Posted: 10/5/2017




If having "chocolate" as a guilty food pleasure [and Mexican food] were the only qualifications for being an Executive Chef, then countless numbers of us would be, just like Michael Giampetruzzi of Cafe Trio.  Fortunately, it takes way more than that, including a passion for food, tireless dedication to turning out "dishes that impress" and "food that makes people want to return to your restaurant again and again, as well as some decent training and learning your craft with years on the line.  Those are the kinds of credentials that Chef Michael brings to his role and he credits all he learned through the Culinary Arts program at Johnson County Community College, especially from Chef Marcelline, who drilled him in technique, as well as lessons he learned from his previous bosses at Trio, Chefs Adam Yoder and Nick Estell.

Aside from formal training Michael cherishes his childhood experiences where he absorbed life lessons about food from his grandparents on both sides of his ethnic heritage. On the farm with his Hungarian grandmother he learned how close the connection is between farm and table as well as the intuitive nature of rustic food preparation, "by feel, from scratch, without recipes" and using ingredients which are close at hand. From his Italian grandparents he discovered anappreciation for handed down recipes shared across generations as well as more formal presentation. Maybe you can see where this is going as he takes more control of the Cafe Trio kitchen team

Cafe Trio

Of course, like most chefs, Chef Michael is a bit of a workaholic, but he balances that with spending time with his daughter, baby Cecila; working on improvements to his new house; and hanging out in the park or bowling.  Michael also tells us that he actually finds the challenges of working with food to create a "wow" guest experience is relaxing when he gets in the "zone of continuous improvement."  He encourages the entire kitchen team to weigh in on menu creation but his culinary philosophy shapes the final results - "minimal ingredients with big flavors."  So he often digs deeply into his roots with accents of Hungarian spice Paprika and and Italian staple, tomato. When we talked Chef was working out the final details of the new Fall-Winter menus for Trio and while he didn't let any "secrets" slip we are pretty certain he will be making excellent use of the flavor profiles and produce of the season - fresh both locally and regionally.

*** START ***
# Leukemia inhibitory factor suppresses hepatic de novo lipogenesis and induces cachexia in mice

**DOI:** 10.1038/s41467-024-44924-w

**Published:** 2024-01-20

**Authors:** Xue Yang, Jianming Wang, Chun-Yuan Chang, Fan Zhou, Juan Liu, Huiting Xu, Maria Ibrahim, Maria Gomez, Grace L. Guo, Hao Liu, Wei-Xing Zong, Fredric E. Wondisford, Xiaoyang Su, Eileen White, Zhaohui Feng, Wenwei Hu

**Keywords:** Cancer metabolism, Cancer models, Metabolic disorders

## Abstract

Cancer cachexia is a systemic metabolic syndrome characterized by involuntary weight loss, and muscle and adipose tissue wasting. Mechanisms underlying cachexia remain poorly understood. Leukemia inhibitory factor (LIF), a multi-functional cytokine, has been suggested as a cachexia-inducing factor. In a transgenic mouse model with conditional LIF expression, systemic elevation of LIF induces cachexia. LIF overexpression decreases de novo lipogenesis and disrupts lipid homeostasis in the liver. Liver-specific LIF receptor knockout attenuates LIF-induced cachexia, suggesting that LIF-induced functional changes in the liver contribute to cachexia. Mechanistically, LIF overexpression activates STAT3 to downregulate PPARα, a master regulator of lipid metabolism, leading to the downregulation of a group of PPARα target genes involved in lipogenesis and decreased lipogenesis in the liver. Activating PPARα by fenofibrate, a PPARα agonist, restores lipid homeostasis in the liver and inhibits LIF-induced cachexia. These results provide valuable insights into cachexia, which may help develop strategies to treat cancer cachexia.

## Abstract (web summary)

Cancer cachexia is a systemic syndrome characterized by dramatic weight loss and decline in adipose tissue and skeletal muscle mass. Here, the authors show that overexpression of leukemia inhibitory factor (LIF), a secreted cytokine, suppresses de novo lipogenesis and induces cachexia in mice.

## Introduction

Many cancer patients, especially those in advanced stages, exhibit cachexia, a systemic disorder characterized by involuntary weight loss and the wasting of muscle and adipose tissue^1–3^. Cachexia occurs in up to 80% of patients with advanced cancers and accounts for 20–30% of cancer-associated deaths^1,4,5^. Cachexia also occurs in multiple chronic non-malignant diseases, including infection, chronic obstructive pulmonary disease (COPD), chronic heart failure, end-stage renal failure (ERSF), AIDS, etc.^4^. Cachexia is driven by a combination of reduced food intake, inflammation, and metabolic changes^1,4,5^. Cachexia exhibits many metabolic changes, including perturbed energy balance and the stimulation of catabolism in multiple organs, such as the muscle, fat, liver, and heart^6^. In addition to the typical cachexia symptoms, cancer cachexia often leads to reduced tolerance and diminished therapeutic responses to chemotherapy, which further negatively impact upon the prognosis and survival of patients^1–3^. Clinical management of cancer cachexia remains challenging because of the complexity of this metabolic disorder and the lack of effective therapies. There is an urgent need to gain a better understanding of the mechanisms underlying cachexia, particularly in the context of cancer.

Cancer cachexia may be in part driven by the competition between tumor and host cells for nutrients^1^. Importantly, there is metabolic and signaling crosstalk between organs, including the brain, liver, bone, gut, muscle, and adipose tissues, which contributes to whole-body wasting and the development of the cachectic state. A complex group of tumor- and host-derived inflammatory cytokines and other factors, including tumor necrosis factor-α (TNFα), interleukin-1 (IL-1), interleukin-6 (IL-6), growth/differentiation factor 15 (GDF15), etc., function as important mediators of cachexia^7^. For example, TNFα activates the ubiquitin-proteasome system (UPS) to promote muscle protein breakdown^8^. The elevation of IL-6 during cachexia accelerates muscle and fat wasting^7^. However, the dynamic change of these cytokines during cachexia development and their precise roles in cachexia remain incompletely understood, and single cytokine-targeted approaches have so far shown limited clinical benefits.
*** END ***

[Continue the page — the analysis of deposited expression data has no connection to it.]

As we wrapped up our chat we gave Chef Michael the last words. And he gave us lots to think about. While confident that most folks are familiar with Trio's impeccable reputation he wanted to remind regulars and new guests that "Trio is mostly local farm-to-table, welcoming to everyone, with top-notch service" and adding that the kitchen can definitely accommodate special requests - vegetarian, gluten-free, or [laughing] just re-experiencing an old favorite - "if we have the ingredients and they can be patient" as special requests can take extra time.

Sounds like our kind of place. And Michael reminded us that now is time to book special event space for the holidays, check out the Thanksgiving special offerings, and plan on Sunday dining mid-november to mid-January.  Look out as well for the dinner specials and, oh yeah, the daily soup specials - that is Chef Michael's favorite creation - creating warm, comforting goodness from what is at hand in Trio's well-stocked larder.    Yep, our kind of place; our kind of Chef!